Prior to the passage of the Tax Cuts and Jobs Act, the United States had the highest statutory corporate income tax rate in the world. The Tax Foundation noted in February 2018 that the federal statutory rate plus the average state corporate income tax rate brought the total statutory corporate income tax rate to 38.9 percent.
Of course, the effective corporate tax rate is lower than the statutory rate. According to a March 2017 report from Congressional Budget Office, although the United States had the highest statutory corporate income tax rate in 2012, it had the third-highest average corporate income tax rate and the fourth-highest effective corporate tax rate. Reducing the corporate tax rate was necessary to make the United States more internationally competitive.
Corporate income tax revenues as a percentage of gross domestic product (GDP) averaged 1.9 percent between 1970 and 2019. In 2017, prior to the passage of the Tax Cuts and Jobs Act, corporate income tax revenues as a percentage of GDP were 1.5 percent. In 2019, corporate income tax revenues as a percentage of GDP was 1.1 percent. The CBO projects this to rise to 1.4 percent in 2024.
It’s worth noting that corporate tax revenues haven’t been a major source of revenue for the federal government. Even when the United States was experiencing an economic boom in the late 1990s, corporate tax revenue represented around 11 percent of all federal tax receipts.
In 2016, corporate tax revenue was 8.7 percent of all federal tax receipts. We chose 2016 since the economy had seen sustained, albeit stale, economic growth. This also created some distance between any impact or anticipated impact of the Tax Cuts and Jobs Act.
Now, one interesting aspect of tax data is that corporate tax revenues haven’t declined only because of the cut in the corporate tax rate. Corporate income tax revenues have, of course, declined because of recessions, but one overlooked factor is that the number of businesses entities subject to the corporate income tax, C corporations, has declined and the number of pass-through business entities -- such as S corporations, partnerships, and sole proprietorships -- have increased. Pass-through business entities are subject to the individual income tax.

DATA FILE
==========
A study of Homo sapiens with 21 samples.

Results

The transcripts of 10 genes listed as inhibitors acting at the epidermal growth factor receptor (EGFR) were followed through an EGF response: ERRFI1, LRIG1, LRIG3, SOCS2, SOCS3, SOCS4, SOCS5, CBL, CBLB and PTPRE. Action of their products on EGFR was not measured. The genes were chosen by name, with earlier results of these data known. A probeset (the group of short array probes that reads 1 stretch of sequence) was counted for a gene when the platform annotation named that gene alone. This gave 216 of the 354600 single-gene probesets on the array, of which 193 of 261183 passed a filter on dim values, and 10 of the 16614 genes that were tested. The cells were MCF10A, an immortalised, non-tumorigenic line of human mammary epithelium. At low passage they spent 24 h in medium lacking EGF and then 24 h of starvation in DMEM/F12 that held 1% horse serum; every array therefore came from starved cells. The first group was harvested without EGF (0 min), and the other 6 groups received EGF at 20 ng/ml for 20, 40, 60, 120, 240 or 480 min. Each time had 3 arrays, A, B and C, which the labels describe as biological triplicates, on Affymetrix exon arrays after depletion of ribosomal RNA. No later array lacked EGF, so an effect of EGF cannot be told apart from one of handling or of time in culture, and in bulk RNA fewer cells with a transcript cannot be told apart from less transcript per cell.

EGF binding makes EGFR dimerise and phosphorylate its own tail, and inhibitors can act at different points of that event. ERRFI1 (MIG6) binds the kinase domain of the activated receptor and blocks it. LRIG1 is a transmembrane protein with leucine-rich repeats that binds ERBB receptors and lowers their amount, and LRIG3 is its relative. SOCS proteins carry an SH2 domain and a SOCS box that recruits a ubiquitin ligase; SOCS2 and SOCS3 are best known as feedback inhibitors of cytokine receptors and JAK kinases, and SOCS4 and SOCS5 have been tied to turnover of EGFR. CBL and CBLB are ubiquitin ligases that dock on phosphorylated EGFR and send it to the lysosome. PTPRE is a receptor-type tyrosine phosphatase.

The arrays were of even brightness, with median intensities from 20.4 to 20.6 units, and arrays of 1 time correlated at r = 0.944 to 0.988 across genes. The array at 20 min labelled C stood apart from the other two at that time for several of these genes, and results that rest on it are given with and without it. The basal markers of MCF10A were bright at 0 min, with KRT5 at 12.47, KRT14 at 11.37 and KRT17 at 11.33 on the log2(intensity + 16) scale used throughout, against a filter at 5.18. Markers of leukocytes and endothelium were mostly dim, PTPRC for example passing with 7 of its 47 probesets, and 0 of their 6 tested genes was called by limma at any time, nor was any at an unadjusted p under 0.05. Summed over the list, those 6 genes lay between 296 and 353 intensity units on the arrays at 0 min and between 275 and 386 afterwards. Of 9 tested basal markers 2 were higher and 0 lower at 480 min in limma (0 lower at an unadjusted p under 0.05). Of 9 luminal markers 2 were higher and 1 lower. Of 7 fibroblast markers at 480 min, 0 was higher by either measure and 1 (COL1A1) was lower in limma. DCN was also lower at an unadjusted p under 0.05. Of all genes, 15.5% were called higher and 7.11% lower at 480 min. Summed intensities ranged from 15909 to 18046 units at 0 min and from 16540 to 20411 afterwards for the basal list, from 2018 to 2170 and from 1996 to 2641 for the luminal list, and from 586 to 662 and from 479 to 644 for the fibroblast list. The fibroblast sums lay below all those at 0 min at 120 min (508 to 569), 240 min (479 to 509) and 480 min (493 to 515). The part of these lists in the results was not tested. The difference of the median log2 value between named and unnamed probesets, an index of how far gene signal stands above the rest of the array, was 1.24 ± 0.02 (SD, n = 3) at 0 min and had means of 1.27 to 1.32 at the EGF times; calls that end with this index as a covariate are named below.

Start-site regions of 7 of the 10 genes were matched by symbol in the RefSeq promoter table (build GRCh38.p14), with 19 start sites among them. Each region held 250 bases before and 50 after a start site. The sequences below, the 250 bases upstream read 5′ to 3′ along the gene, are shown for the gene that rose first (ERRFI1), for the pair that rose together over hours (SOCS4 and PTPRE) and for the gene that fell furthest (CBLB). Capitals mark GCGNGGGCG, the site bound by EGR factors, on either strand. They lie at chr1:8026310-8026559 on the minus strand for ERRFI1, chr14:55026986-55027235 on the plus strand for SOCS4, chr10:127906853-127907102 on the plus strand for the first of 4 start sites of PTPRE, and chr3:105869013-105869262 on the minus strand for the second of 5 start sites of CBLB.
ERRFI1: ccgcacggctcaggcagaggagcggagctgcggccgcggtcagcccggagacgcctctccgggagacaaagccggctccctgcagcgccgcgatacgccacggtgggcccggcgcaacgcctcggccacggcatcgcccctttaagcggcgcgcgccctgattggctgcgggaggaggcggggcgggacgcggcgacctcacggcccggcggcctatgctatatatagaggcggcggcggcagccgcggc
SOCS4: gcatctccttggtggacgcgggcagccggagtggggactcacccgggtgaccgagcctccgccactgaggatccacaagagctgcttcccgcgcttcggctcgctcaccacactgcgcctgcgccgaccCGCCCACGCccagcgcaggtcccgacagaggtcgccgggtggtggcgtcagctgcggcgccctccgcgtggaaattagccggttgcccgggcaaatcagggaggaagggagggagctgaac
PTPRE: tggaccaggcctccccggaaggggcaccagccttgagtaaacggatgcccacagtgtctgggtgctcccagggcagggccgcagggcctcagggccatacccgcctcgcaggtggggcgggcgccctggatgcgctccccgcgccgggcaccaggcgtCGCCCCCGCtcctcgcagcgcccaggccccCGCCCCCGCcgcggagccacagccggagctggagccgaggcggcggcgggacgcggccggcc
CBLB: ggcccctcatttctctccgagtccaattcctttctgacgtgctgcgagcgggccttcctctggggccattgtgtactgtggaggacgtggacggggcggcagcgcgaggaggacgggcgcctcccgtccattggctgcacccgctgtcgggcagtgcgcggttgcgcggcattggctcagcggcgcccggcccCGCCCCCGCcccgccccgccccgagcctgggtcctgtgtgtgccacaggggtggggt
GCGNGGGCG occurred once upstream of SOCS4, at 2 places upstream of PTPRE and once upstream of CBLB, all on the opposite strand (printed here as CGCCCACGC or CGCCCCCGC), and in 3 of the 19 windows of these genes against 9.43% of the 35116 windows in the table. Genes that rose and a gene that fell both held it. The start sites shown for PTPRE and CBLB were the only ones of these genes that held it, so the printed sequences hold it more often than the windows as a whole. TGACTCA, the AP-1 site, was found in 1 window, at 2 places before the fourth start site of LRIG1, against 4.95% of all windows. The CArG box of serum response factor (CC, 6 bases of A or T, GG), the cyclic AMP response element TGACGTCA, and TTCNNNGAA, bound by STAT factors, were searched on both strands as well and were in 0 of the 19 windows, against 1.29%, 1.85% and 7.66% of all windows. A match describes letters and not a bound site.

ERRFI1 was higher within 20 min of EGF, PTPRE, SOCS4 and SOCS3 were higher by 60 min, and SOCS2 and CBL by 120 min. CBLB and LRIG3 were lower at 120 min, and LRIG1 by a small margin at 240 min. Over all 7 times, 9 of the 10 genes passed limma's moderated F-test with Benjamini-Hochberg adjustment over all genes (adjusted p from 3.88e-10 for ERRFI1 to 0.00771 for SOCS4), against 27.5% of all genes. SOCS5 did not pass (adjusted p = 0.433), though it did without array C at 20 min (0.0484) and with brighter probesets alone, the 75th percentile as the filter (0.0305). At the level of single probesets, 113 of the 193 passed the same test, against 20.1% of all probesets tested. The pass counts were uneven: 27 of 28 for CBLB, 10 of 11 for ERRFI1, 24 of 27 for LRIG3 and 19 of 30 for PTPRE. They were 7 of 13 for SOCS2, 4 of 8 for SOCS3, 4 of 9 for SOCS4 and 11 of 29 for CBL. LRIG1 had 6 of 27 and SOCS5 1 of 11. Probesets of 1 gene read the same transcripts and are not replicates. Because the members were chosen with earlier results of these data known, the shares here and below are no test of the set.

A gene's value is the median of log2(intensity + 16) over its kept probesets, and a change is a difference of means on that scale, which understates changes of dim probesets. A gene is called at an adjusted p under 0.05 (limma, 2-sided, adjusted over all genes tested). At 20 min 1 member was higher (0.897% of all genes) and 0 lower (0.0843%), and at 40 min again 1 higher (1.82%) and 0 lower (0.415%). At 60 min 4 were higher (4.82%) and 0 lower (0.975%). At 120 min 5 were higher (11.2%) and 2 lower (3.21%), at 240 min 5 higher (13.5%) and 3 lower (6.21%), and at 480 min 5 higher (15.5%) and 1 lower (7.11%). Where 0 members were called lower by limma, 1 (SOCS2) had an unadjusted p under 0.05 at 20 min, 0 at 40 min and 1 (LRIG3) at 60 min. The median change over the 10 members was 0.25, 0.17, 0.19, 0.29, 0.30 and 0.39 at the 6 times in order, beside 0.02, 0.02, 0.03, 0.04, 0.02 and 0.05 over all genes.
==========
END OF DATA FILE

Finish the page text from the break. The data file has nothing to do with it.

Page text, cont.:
“In 1980, there were more tax returns filed by C corporations (2.2 million) than by partnerships (1.4 million) and S corporations (0.5 million) combined,” Scott Greenberg of the Tax Foundation explained in January 2017. “By 2012, there were over four times as many returns filed by partnerships (3.4 million) and S corporations (4.2 million) as the returns filed by C corporations (1.6 million).”
According to data from the Internal Revenue Service, in 2013, the most recent year for which the data are available, the trend continued. Even more interesting is the shift in tax revenue. In 1980, C corporations brought in 78.3 percent of all business tax revenue while pass-through business entities accounted for 21.7 percent.
In 2013, C corporations brought in 43.3 percent of all business tax revenue. Pass-through business entities accounted for 56.7 percent.
That’s a massive swing. One reason that may explain why so many businesses have either switched from C corporate to a pass-through entity is because C corporations are doubled taxed -- not only are corporate profits taxed, but many shareholder dividends are also taxed. Pass-through entities are subject to individual income tax. The Tax Cuts and Jobs Act made pass-throughs even more attractive because of the 20 percent deduction, with some exceptions, for pass-through businesses.
We’re not denying that corporate tax revenue has declined, but it has declined for more reasons than much-needed cut in the corporate income tax. There has been a shift in how businesses choose to be taxed, moving away from the C corporation model and into pass-through businesses whose income taxes are filed on individual tax returns. That is a trend that has existed for some time.
We’ll also point out that corporate income tax receipts, according to the CBO, were up by 21 percent in the first quarter of FY 2020 compared to the same period of FY 2019. We’re not speculating that such a trend will continue, but it does show strength in the economy. House Ways and Means Committee Chairman Richard Neal (D-Mass.) and House Democratic leadership, for some strange reason, seem determined to set America back by raising taxes, not only on corporations but across the board. This will only hurt business investment and expansion, and lead to fewer available jobs.